First and foremost, any use that can be defined as fair use does not constitute an infringement of the exclusive rights. The doctrine of fair use as an affirmative defense is available in regard to almost all manners that constitute unauthorized use of any type of work in all types of media channels. Where the doctrine exists, the user of the work in question is under no obligation to seek the consent or the permission of the owner of the copyright or to pay any fee that will allow the use of the work in question.
An example of fair use is when a new author incorporates certain portion(s) of any preexisting work to produce his new work. In this respect, it would be fair use if an individual cite the work of another individual in his or her new work. To determine whether a certain use of a copyrighted work is a fair use, certain factors are put into consideration. First, one must examine the character and purpose of the use and inclusive here is the fact as to whether the use is for educational purposes or for commercial purposes.
In any case, if the use is for educational purposes, then the user should not use the work to make any profit. Secondly, one should examine the nature of the copyrighted material in establishing whether a certain use falls under the doctrine of fair use. Moreover, to determine fair use, there is the need to determine the substantiality and the amount of the portion that is used in the context of the whole copyrighted work. Finally, to determine fair use, the effect of the use on the value of the copyrighted work or upon the potential market of such copyrighted work.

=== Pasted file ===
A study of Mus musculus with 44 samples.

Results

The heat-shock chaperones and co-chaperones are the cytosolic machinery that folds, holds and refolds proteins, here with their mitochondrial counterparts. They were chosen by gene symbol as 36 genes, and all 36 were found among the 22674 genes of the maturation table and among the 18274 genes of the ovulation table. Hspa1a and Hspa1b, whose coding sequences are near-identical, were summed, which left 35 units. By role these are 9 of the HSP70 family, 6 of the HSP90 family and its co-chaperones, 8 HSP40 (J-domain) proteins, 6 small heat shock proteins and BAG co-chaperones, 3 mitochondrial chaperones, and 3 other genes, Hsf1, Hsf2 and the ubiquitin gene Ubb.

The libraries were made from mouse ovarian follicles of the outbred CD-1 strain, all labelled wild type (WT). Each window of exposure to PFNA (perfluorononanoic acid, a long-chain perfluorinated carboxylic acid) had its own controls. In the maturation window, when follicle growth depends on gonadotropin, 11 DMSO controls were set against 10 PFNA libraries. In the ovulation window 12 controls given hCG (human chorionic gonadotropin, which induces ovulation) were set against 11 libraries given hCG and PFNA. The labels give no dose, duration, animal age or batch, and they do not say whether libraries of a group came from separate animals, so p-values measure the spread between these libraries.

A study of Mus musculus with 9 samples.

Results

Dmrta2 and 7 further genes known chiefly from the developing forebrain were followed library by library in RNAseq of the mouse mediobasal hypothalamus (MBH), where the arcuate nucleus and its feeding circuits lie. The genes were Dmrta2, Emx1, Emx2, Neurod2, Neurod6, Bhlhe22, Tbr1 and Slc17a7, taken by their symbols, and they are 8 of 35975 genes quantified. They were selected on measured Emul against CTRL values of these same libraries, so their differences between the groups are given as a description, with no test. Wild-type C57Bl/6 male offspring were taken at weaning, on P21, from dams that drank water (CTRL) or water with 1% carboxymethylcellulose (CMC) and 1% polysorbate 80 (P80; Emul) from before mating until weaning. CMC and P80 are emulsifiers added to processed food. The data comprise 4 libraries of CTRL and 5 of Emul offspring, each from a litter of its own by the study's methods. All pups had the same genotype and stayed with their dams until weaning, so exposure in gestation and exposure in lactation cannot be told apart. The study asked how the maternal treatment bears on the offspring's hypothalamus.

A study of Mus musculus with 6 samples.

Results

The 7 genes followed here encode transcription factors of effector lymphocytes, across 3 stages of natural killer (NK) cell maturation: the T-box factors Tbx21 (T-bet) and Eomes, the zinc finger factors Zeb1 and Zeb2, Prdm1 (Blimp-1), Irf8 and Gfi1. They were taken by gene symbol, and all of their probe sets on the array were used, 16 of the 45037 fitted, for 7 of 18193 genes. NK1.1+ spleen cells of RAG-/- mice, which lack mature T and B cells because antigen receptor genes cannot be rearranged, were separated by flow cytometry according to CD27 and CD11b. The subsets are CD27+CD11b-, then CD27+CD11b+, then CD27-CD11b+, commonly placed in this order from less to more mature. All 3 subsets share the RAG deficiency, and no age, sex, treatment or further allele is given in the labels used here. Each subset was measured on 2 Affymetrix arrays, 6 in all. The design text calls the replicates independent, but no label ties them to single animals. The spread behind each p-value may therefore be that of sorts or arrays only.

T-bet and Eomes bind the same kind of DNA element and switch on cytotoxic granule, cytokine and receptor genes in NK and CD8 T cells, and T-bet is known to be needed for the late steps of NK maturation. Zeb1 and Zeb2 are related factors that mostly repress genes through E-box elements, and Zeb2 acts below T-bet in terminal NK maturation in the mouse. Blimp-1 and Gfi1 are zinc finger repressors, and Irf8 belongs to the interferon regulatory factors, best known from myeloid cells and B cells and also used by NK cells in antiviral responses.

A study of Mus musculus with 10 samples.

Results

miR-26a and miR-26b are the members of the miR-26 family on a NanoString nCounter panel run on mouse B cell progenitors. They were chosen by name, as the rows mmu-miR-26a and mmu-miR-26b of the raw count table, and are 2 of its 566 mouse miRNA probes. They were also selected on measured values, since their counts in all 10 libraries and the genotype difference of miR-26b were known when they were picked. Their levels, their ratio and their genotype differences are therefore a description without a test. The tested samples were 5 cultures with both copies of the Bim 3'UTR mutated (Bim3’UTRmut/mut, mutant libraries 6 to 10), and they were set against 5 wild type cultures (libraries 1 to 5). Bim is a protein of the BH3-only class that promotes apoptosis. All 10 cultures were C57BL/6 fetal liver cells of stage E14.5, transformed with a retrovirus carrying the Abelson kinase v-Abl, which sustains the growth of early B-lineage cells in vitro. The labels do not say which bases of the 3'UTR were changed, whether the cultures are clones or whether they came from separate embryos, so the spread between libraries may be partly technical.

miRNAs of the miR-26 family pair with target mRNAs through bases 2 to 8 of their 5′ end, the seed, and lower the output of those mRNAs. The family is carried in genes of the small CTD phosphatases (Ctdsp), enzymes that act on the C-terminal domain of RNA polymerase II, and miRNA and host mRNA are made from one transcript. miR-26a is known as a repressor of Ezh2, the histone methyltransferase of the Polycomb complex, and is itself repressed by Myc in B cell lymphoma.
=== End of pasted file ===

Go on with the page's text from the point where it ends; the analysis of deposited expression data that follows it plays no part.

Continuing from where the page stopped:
In other words, the fourth factor can be seen as the economical effects that the use of a certain copyrighted material has on it. In this regard, all the above factors apply to all published work as well as any published work. The doctrine of fair use as an infringement defense however provides certain guidelines to certain given activities which may result or which may be considered as fair use. For example, guidelines that pertain to the use of copyrighted material in copying and using extracts which are short. However, the guidelines also require that such copies should not be remade or used repeatedly overtime.
Over the time, the doctrine of fair use has raised numerous questions in regard to what entails fair use and also the guidelines which are provided in fair use of copyrighted materials (Herrington, 2001, p. 45). Another limitation to exclusive rights of a copyright owner falls under library exemptions. In this regard and as provided for in the Copyright Act, there are certain conditions and circumstances which do not constitute an infringement of the exclusive rights with regard to the archives of a given library and the employees working in such a library and within the scope of their work.
As such, the employees may reproduce and distribute a copy of a copyrighted work under certain circumstances that would not otherwise amount to fair use (Seville, 1999, p. 98). First, in regard to archival copies, it does not amount to an infringement of exclusive rights if the library reproduce or distribute a given copy of unpublished work which itself has been reproduced in a form which can be seen as facsimile.
However, the sole purpose of such reproduction or distribution should be based on security and preservation aims and only if the reproduced copy is currently in the library collection. In this regard, the exemption may extend to any type of copyrighted material provided the copy is made in a facsimile form. As such, the library cannot reproduce any copyrighted work in a machine readable language with the purpose of storing the copy in an information system. In other words, the exemption does not allow for the preservation of copies of copyrighted material in a digital or electronic form.